63 of 68 people found the following review helpful
Another masterpiece from Banville
, 24 Aug. 2005
By A Customer
This review is from: The Sea (Hardcover)
"The Sea" is a profound meditation on time, loss, memory and longing. Once again, Banville introduces the slightly effete, cultured, late middle-aged male character with a taste for alcohol and a dyspeptic view of the world that we recognise from previous Banville novels. Max Morden has lost his wife to cancer and retreats into a world of nostalgia and a longing for the simplicities of the past, but the past with its lost innocence and simpler relationships carries its own tragedies, and the constant presence of the sea at the edges of the narrative is a metaphor for the unknowability of the forces that shape, and occasionally end lives.
Banville's prose is at his most luminous in "The Sea"; I frequently paused to re-read passages and phrases which captured an essence so accurately or described an image or a feeling with such beauty and aptness that I was left wondering how these effects could be created with mere words.
Banville's work has clearly been influenced by Proust, most obviously in this novel about memory and lost time, but unlike most authors for whom this is true, the comparison with Proust is not an unfavourable one. There is also the strong influence of Samuel Beckett running through all of Banville's work, particularly in the extended interior monologues that constitute his novels (even the occasional passages of dialogue are refracted through the perception of the narrator, so that they become part of his interior thoughts). However, more than in previous novels, the sense of Beckett-esque detachment is moderated by the sense of loss and yearning that permeates the novel, and which makes Max Mordern a more human and sympathetic character than his predecessors in Banville's other novels.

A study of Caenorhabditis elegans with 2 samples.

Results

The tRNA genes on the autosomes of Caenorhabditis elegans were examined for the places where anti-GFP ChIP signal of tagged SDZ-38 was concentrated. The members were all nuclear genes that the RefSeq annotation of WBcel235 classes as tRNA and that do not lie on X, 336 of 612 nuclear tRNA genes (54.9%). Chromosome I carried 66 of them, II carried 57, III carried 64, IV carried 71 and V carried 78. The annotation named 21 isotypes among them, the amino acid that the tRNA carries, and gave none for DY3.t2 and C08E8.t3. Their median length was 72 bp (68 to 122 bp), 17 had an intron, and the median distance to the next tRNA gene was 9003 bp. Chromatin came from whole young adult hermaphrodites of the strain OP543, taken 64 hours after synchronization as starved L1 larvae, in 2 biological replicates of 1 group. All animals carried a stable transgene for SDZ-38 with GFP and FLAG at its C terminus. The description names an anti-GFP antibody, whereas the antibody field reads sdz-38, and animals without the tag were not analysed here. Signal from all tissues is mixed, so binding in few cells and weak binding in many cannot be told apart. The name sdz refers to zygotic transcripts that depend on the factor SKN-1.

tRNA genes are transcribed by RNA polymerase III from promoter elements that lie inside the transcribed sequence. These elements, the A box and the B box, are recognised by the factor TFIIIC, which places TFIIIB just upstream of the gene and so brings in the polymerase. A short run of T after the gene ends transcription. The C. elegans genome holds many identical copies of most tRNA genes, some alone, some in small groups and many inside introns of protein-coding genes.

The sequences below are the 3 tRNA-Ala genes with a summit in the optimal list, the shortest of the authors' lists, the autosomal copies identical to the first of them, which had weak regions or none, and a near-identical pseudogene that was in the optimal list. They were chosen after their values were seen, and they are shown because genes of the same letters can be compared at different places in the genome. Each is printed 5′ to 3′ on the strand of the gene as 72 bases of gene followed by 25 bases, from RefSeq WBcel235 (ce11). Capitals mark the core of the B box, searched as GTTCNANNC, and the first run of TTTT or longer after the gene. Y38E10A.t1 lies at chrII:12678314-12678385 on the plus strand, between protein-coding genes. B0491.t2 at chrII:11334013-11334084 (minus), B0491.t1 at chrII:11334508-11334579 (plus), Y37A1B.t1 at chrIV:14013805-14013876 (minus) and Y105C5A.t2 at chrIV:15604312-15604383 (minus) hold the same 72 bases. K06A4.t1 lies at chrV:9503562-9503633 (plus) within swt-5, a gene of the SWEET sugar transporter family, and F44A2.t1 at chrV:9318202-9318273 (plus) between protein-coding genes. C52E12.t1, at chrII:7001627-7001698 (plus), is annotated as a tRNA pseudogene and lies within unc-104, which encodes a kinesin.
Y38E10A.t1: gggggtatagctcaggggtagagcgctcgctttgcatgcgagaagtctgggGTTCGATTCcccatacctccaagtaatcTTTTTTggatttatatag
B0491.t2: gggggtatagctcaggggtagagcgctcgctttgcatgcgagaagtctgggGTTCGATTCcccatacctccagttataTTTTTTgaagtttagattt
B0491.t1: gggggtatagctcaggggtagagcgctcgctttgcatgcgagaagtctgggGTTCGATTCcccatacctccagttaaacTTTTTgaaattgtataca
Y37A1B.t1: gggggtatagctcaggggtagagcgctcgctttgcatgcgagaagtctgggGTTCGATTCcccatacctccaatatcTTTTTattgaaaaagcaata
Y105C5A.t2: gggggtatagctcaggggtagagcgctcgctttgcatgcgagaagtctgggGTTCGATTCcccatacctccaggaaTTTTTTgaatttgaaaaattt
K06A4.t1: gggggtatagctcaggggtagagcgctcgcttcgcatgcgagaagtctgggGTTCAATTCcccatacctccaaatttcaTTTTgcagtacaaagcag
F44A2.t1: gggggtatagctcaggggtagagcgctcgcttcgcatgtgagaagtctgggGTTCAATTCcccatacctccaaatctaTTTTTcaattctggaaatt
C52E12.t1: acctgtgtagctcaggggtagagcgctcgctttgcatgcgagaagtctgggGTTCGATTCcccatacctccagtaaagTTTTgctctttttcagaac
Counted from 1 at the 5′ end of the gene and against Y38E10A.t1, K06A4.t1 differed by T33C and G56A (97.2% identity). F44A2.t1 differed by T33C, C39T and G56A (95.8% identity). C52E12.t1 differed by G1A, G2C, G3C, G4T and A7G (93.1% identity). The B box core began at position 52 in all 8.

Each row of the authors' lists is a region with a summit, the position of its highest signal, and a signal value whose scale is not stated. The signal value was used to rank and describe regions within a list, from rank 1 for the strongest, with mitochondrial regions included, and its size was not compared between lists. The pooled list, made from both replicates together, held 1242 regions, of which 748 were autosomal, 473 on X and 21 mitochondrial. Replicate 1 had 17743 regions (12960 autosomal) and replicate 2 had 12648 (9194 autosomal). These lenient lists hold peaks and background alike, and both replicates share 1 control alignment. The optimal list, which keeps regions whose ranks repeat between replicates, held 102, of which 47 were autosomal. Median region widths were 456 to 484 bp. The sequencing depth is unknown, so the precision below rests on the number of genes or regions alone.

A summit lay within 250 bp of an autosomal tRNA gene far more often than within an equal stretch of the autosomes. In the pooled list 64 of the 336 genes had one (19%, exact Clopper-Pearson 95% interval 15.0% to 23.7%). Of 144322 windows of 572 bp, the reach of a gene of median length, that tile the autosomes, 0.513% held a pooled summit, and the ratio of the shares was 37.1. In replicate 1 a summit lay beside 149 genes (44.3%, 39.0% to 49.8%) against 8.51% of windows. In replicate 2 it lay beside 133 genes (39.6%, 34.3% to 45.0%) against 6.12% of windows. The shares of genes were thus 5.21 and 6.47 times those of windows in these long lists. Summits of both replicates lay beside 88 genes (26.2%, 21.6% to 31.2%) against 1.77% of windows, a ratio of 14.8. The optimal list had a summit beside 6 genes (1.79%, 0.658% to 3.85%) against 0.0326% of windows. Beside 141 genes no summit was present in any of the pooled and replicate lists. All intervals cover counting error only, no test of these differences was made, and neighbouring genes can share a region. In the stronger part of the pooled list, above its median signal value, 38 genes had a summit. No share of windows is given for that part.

"The Sea" is a rich, rewarding and beautifully evoked novel that resonates with the reader. We are fortunate to have a writer of Banville's calibre - and the comparisons with Proust and Beckett are, for once, appropriate for a living writer - working at the height of his powers and producing books of this quality.